PhotoJust about everyone can agree that General Motors (GM) hasn't had a good 2014 – at least as far as public relations is concerned. But the massive recalls that have proved costly and embarrassing to the iconic carmaker haven't put a dent in sales. Consumers continue to flock to GM showrooms to buy cars and trucks.

GM has recalled nearly 29 million cars since January, costing the company more than $2.5 billions. But it's selling plenty of vehicles to help make up for that lost revenue.

Sales up 1%

The company recently reported its June 2014 sales rose 1% over June 2013, giving it the best June since 2007. But the recalls do appear to be having an impact in one little-noticed metric.

The automotive search engine ISeeCars.comconducted an analysis of sales of GM used cars, looking specifically at the models included in the recall for the faulty ignition switch. It says it found these cars suddenly became bargains, with price cuts more than double the average of all similar models.


The company looked at the 6 GM cars affected by the ignition switch recall and found that the average price of all the recalled vehicles dropped by 14% from March through June 2014, compared to March through June 2013 and adjusted for inflation.

By comparison the average for all similar cars was 6.7% over the same time period.

"We surmise that the recalls are playing a role in motivating sellers to sell their used cars and at a lower price point that they otherwise would," says Phong Ly, CEO.

While the GM recalled cars dropped by 14 percent on average over the March-June 2014 time frame, the decline got steeper every month, hitting 15.5% in June.

Among the models included in the recall, the Chevrolet HHR, Saturn Sky and Pontiac Solstice dropped by smaller amounts than the Chevrolet Cobalt, Pontiac G5 and Saturn Ion.

Some held their value better

Photo"The HHR, as well as sibling convertibles Sky and Solstice are definitely more unique than the other cars in the recall. Their unique designs likely contributed to their desirability and helped them hold their value a bit better," Ly said.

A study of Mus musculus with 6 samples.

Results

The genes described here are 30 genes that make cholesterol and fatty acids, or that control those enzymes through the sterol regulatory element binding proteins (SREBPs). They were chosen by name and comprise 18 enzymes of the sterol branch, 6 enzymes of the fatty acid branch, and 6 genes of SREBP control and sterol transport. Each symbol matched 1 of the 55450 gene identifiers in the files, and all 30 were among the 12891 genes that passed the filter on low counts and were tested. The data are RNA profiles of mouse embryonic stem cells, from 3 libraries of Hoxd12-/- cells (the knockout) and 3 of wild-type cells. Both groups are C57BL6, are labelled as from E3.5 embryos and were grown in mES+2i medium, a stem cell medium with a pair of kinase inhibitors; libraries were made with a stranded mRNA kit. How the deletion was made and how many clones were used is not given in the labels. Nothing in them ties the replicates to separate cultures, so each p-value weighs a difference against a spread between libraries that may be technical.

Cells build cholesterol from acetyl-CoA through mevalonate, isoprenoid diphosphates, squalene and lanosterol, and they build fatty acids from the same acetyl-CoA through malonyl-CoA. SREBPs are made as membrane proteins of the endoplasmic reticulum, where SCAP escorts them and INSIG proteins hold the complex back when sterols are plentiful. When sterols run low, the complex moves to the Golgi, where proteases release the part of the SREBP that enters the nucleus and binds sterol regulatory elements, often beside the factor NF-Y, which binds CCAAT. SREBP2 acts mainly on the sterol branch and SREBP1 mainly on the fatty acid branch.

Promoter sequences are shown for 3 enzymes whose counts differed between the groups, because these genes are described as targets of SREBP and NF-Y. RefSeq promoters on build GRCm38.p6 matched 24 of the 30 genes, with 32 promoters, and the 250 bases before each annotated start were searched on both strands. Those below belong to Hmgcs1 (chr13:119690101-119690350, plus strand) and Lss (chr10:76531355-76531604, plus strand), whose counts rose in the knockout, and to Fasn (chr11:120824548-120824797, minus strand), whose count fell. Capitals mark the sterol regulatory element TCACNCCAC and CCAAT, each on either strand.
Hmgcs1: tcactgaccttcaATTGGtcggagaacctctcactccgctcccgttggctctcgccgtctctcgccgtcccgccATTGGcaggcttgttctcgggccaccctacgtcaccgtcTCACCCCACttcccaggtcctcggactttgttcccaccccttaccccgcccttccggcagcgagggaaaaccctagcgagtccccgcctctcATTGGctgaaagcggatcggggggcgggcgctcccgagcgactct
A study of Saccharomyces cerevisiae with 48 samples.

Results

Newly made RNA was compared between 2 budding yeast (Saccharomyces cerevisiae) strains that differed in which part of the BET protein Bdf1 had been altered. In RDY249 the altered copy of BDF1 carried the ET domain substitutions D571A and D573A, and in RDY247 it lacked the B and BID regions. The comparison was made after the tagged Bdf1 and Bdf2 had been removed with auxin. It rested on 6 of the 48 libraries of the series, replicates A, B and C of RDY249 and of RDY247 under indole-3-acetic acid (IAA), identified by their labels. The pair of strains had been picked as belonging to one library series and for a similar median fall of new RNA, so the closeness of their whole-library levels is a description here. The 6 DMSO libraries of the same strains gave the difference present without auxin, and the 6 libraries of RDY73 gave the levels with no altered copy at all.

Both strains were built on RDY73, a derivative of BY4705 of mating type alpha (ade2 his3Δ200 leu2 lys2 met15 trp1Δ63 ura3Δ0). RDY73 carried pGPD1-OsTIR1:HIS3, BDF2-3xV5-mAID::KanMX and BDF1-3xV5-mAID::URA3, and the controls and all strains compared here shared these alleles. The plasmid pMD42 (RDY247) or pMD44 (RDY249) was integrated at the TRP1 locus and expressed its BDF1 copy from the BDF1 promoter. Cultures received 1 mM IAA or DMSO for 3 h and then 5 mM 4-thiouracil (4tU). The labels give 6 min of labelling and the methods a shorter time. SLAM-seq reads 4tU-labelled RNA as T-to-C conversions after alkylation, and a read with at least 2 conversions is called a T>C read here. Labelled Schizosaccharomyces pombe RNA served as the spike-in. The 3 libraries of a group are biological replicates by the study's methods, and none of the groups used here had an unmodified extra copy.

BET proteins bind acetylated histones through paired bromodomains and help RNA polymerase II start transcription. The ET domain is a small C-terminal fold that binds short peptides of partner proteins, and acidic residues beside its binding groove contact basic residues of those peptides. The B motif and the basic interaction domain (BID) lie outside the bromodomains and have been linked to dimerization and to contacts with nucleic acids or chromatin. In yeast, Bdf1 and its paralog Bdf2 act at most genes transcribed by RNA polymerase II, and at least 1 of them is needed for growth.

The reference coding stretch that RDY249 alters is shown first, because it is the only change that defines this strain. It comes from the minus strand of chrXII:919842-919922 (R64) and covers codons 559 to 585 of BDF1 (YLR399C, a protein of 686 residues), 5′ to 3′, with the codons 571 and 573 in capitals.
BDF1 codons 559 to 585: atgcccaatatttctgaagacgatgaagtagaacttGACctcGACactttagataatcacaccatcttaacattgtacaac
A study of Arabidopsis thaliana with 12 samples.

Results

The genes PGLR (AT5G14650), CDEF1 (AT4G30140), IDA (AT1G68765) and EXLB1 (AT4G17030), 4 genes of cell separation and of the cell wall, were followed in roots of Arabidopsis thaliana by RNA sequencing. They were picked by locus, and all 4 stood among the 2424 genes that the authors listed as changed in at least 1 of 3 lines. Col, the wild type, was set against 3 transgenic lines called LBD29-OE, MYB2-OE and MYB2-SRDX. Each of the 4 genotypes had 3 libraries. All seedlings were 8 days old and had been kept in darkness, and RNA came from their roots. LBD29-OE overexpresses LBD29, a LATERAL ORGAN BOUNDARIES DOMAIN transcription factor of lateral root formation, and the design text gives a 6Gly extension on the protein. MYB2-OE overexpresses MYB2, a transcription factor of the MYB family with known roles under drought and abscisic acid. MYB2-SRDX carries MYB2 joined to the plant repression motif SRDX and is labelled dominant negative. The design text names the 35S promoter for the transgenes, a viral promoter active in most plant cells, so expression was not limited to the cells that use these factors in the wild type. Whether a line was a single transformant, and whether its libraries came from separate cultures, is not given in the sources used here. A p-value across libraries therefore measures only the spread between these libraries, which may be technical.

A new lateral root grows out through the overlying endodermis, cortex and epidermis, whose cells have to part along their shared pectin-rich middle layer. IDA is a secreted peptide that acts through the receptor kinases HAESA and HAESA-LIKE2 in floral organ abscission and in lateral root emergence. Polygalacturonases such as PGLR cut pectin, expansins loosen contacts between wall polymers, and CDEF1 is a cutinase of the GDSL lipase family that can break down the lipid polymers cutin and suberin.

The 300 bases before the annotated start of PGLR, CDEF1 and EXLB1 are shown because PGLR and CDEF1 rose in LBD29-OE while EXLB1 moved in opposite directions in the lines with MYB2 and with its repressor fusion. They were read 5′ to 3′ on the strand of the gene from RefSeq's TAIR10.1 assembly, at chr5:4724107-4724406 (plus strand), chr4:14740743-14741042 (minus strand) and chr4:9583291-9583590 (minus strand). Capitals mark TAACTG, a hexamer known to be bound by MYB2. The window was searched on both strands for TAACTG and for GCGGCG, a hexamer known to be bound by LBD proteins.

When measured against the average of all similar models, the average price decline for the Chevy Cobalt, Pontiac G5 and the Saturn Ion was at least two times greater. Used car buyers were able to purchase a 2005-2007 Cobalt for 13.7% less than similar models, a decline matched by the 2007 G5. The 2003-2007 Ion was 13.6% cheaper.

Supply and demand?

Maybe it was a supply and demand function. Maybe owners of the recalled models decided to dump their cars on the used car market.

The opposite appears to be the case. says its analysis shows that, while used car sales in general rose in the springtime months, the number of GM cars in the inventory fell by about 1%. It speculates GM owners were actually reluctant to try to sell their cars in this environment.

And GM, itself, does not appear to be tainted by the recalls. The price analysis says the average price of a GM car not included in the recall was down only 7%, nearly in line with the average of all used cars.

Worse than he thought

Meanwhile, former GM Chairman and CEO Dan Akerson has weighed in on the automaker's ongoing recalls, sparked by the delayed ignition switch recall that led to 13 deaths.

In an exclusive interview with the Detroit News, Akerson said the recall crisis shows GM had corporate culture problems deeper and more serious than anyone realized. Some executives in the company knew about the ignition switch problems a decade before the cars were finally recalled.